At the beginning of the season, no one realistically thought Alexei Emelin was a top-pair defender when he was slotted alongside Shea Weber. Now, with the Montreal Canadiens struggling, the Weber-Emelin experiment as the No. 1 duo has finally run its course and it’s time for new head coach Claude Julien to break them up.
Throughout their roster, the Canadiens have a severe lack of depth. It’s understandable why the Habs feel the need to put Emelin with Weber; however, it can’t go on any longer. It’s clear that Weber is in dire need of a puck-moving partner to offset his skills.
The Habs are doing a disservice to Weber and the rest of the team by having him hampered by Emelin’s poor play. Whether it’s an internal or external replacement, he needs a new partner at the front of the Canadiens lineup. Let’s take a look at what the Canadiens can do to solve that problem.
The Canadiens lack of depth isn’t just clear with their forward group, it also applies to their group of defensemen. It starts at the top with a hole in the No. 2 slot that is being filled by Emelin. If the Canadiens truly want to compete, Emelin can’t be the No. 2 guy heading into the playoffs.
At some point, preferably soon, the Habs have to find a new partner for Shea Weber. The Alexei Emelin thing has run its course.
— Аrpon Basu (@ArponBasu) February 19, 2017
When Julien arrived last week, he said he had his ears open and was relying on his assistants to give him information regarding line combinations and pairings. Well Claude, time to shut them out because the lines and pairings up to this point haven’t worked and are weighing down star players like Weber.
So I’m going to give Julien a few internal suggestions. The first partner on the list for Weber should be Andrei Markov. If the excuse not to have a Weber-Markov pairing is because the veteran will be tired come playoffs, then I need a better answer. He’s had time off with an injury and played fewer minutes on average this year than he has in a long time. More importantly, Weber desperately needs a partner that can move the puck out of the zone.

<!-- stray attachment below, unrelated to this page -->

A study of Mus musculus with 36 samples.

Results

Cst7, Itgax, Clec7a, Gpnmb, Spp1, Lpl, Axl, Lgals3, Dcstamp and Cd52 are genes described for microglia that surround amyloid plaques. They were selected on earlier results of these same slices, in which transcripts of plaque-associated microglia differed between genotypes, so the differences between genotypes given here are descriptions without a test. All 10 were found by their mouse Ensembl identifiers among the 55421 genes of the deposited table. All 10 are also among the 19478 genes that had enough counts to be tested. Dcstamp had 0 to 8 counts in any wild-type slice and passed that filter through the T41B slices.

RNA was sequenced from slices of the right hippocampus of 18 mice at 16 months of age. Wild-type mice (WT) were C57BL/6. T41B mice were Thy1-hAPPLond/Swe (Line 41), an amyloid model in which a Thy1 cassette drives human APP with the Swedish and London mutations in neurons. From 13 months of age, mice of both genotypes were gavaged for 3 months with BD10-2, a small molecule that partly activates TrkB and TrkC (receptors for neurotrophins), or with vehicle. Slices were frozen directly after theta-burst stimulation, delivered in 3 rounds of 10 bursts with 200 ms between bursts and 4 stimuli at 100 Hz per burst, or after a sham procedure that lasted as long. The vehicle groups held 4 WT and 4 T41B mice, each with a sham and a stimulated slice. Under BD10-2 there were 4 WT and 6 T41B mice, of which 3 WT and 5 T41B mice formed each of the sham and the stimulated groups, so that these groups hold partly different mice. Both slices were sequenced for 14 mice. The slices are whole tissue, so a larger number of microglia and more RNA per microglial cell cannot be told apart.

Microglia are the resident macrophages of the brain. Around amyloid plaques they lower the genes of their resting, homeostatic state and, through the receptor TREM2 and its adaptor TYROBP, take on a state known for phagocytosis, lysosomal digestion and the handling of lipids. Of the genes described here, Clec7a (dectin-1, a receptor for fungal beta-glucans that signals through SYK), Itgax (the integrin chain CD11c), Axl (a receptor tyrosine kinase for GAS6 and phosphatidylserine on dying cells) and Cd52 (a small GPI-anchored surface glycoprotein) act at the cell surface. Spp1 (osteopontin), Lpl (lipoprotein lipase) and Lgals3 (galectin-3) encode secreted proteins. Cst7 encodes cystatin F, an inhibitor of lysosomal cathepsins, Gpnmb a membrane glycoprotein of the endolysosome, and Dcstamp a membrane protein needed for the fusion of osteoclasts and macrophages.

The other potential solution on the roster is none other than Nathan Beaulieu. It’s not the popular decision but he’s a young player that’s struggled and Weber could help turn his game around. He’d be facing stiffer competition than he is now but putting him with an experienced and stable partner could do him good for his development and would also do Weber good when it comes to defensive-zone breakouts.
Helping out the defense core via trade is also something Marc Bergevin should consider. With the National Hockey League trade deadline coming up on Wednesday, March 1, he’s entering crunch time if he chooses to go this route. There are only so many assets that the Canadiens have at their disposal to trade to fill their various roster holes and top-end defenseman comes after depth at both center and wing.
However, if the Canadiens do dip into the defenders market, there are a few players they should target. The obvious guy here is St. Louis Blues defenseman and pending UFA Kevin Shattenkirk. The Blues want an extraordinary return in a first-round pick, young defenseman and a top prospect. That’s a ton considering with that kind of an investment, you would also have to sign him to a long-term, big-money deal after the season. For these reasons, unless the price goes down considerably, I don’t think this is a realistic option for Bergevin and the Habs.
A more reasonable option for Bergevin could have been Michael Stone from the Arizona Coyotes until he was traded to the Calgary Flames. So in spite of this, a target the Canadiens could pursue is Dmitry Kulikov of the Buffalo Sabres. He provides a bit more offense than Stone and could go for even less than the third and conditional fifth round picks that he went for. Another bonus is that he’s a pending UFA, so there isn’t a long-term commitment.
While both players might be enticing to Bergevin, the Canadiens might be forced to use their trade assets on their forward group, which would leave them out of the defense market at the deadline.
Any Canadiens media member will tell you it’s difficult to gauge what Bergevin is thinking of when it comes to trade, but I’m going to give my prediction anyways. I think the Canadiens will fix this problem internally.
The bigger need is at center and wing so I’m predicting they’re going to make a splash there, which would leave out the acquisition of a high-value defenseman. I do think that Julien will end the relationship of Weber-Emelin within his first 10 games as the coach and will give Markov a shot on the top pair, but that’s just a gut feeling.
Whatever happens between now and the NHL trade deadline, the Weber-Emelin trial should end, for both the good of Weber and the Canadiens.